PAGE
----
By Dustin Hurst | Watchdog.org
BISMARCK, N.D. – The North Dakota oil boom is producing more than oil. It’s also gushing jobs — occasionally well beyond the borders of the Peace Garden State.
Take Dirty Jerry’s, headquartered two states and more than 700 miles from North Dakota’s burgeoning oil fields. The Rifle, Colo.-based truck-washing business might even be a kind of model, one that shows Montana — and the rest of the country — how fracking can lead some companies out of a lagging national economy.
For Dirty Jerry’s, that means caring for the diesel trucks that carry critical drilling and fracking equipment across the dusty and often muddy roads. The diesels turn a reddish color beneath thick coats of North Dakota’s clay-infused soil.
And that’s where Jerry Mills, owner of Dirty Jerry’s, comes in. His workers wash the diesel trucks to keep them looking fine.
This isn’t your everyday car wash. Dirty Jerry’s employees use heavy-duty brushes, massive water tanks and high-pressure sprayers to clean each rig.
It’s grimy work, but Mills pays well. His average worker earns $25 per hour. Field supervisors bring in $35 an hour.
That means Dirty Jerry’s rank-and-file laborers make about $52,000 annually before taxes and overtime. That’s at least $20,000 more each year than similar workers in neighboring Montana and South Dakota.
Mills doesn’t think much of his decision to invest $600,000 in trucks, trailers and washing equipment to send crews to more than 700 miles from his home to Dickinson.
“I’m just following my business,” he says flatly. “There’s a lot of money to be made up there.”
THE NON-OIL BOOM
Some businesses in North Dakota, but miles away from the patch, are seeing oil exploration’s positive financial ripple effects, too.
Executive Air, a charter plane and helicopter company, is growing its ranks thanks to the oil expansion. The company, purchased by an investment group in 2007, offers twice-weekly flights between Bismarck, the state capital, and Williston, the heartbeat of oil exploration and drilling.
The flights are named for the oil field: Bakken Air.
Paul Vetter, CEO of Executive Air, says the company started the flights to meet demands of oil field service companies. While the oil companies themselves typically own their own jets and airplanes, smaller service companies use Executive Air’s services to shuttle engineers, lawyers and other workers quickly across the state.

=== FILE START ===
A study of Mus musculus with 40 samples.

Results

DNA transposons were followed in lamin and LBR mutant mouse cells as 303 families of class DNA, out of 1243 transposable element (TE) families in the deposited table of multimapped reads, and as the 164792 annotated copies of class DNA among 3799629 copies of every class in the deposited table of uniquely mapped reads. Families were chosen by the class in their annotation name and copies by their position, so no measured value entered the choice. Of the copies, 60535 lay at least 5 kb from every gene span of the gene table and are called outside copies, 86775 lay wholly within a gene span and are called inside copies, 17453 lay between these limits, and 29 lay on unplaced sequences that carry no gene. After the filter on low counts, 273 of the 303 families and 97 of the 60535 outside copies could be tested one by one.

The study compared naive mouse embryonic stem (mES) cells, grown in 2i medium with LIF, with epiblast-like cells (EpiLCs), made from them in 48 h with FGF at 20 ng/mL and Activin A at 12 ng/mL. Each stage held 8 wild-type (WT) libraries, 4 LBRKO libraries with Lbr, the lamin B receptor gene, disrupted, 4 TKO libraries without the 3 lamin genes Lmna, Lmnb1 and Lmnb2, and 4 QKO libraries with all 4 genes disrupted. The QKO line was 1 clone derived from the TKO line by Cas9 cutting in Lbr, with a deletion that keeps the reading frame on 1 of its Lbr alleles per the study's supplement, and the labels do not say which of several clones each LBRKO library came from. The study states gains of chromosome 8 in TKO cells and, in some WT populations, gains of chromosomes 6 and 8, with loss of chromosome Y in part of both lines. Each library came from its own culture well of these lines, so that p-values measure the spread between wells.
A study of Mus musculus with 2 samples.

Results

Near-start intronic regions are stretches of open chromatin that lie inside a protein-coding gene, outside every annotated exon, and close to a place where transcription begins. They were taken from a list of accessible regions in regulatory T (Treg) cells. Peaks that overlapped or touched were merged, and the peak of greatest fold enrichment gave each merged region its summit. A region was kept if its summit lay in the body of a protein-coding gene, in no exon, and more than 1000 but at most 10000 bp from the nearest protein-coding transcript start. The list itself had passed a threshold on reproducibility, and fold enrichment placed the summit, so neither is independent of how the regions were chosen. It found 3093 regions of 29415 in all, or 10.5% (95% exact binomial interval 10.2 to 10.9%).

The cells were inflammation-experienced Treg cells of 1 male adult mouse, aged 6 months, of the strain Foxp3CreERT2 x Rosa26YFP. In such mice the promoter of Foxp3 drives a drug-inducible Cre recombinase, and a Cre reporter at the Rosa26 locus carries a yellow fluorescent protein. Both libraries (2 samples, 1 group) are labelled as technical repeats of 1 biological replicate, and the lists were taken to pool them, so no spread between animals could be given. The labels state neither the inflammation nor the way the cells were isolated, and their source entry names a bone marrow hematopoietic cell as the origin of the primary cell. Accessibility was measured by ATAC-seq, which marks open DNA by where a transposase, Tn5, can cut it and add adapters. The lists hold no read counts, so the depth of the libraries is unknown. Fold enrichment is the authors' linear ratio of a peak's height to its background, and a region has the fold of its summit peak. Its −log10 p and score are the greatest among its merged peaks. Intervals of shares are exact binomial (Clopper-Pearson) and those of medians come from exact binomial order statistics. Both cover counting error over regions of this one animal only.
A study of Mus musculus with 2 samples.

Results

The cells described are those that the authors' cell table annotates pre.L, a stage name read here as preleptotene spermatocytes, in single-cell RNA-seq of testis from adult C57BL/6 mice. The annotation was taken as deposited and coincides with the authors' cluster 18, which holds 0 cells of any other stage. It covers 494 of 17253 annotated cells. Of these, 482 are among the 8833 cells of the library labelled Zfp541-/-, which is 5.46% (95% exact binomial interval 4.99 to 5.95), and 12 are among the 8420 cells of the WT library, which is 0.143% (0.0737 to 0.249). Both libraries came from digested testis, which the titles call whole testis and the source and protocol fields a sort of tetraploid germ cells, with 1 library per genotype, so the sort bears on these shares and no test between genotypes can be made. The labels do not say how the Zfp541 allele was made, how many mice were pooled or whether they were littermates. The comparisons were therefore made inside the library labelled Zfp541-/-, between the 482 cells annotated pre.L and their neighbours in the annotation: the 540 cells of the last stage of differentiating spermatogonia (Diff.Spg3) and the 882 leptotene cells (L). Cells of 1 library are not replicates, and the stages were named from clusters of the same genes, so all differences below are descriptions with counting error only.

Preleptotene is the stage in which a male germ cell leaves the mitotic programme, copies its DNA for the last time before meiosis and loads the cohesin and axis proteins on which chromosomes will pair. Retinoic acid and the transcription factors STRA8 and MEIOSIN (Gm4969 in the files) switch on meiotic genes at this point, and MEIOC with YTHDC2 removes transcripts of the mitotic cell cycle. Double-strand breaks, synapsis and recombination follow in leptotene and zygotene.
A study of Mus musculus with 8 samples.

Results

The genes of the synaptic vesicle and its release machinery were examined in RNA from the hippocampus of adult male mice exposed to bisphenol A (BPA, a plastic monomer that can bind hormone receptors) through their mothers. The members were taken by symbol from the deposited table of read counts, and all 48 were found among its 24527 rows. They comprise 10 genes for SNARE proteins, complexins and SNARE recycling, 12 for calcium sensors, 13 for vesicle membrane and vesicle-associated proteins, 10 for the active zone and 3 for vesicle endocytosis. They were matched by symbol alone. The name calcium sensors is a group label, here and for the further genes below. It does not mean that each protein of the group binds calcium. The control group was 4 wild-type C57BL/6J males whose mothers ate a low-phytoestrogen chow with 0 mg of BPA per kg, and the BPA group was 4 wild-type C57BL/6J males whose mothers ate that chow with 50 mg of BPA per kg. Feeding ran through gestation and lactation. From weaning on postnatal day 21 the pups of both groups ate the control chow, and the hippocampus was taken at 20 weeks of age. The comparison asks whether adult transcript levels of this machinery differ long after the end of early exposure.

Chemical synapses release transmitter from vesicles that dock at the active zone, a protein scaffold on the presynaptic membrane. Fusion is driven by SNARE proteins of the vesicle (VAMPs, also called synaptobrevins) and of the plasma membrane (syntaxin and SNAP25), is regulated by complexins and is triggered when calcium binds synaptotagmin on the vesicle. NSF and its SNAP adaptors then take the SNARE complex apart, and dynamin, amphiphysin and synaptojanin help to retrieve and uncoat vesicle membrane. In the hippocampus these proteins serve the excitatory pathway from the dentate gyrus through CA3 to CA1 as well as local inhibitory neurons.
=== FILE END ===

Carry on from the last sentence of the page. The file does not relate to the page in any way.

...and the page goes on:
The company also performs aircraft maintenance and upgrades and sees increased workloads from plane owners coming to the state due to the boom.
The company grew from 23 in 2008 to 50 employees today thanks, at least in part, to the patch-related workload.
THE DOWNSIDE OF THE UPSIDE
But while Mills and Vetter see the boom as an overall positive for the state, they share a common complaint: a housing shortage.
More than 60 miles from Dickinson, the state’s other drilling epicenter, housing in Bismarck is hard to come by, Vetter says.
Last week, Executive Air hired a mechanic who couldn’t find housing for his family in Bismarck. He finally rented a home in Fargo – more than 190 miles away. The mechanic plans to stay with relatives on weekdays and commute to his wife and kids each weekend.
“You can’t find housing around here,” Vetter explains.
Mills complains, too, accusing Dickinson locals of price-gouging simply to make a quick buck off the oil business.
“Everything is really bad up there,” he says of the housing market. “It’s a very expensive experience because of the locals. It’s not us.”
He hires only local workers so he doesn’t have to pay per diem or for hotel or home rental space. He does pay to rent an apartment that his area team uses as a headquarters, but he’s not thrilled when the rent bill comes due each month.
“It’s not a good experience,” he admits.
Housing is a top reason for turnover at the Dickinson Walmart. Store manager Sky Wilson says at least 75 percent of his associates leave employment either because a housing arrangement fell through or a family matter takes out-of-state workers back home.
Wilson says that while there is money to be made in this part of the country, workers moving here need to be aware of the suddenly high cost of living.
“It’s not difficult to hire, but to retain,” Wilson says. “Sometimes people don’t consider the housing situation here.”
Wilson’s store offers hire wages than many locations to lure workers, but even with the better pay, housing still makes life difficult for associates.
Walmart even toyed with the idea of building its own affordable housing, a practice already used by the major oil firms. The company eventually rejected the plan, but Wilson sees it as a positive sign Walmart broached the subject.
“I’ve heard things entertained I never would have before,” Wilson says while sitting in his storeroom office.
WATCHING PEOPLE WIN
On balance, Vetter and Wilson remain optimistic about North Dakota.
Wilson says while he sees some failures among those who come to the state seeking work, he also watches people win.
“I’ve seen people coming into town on their last nickels and dimes,” he says. “I’ve seen so many success stories.”
Vetter says the fast-paced oil life is new to the state, but may be a temporary high. He doesn’t worry, as others do, that outsiders are changing the fundamental culture of the place he calls home.
“It will calm down again,” he says. “North Dakota is not going to be lost.”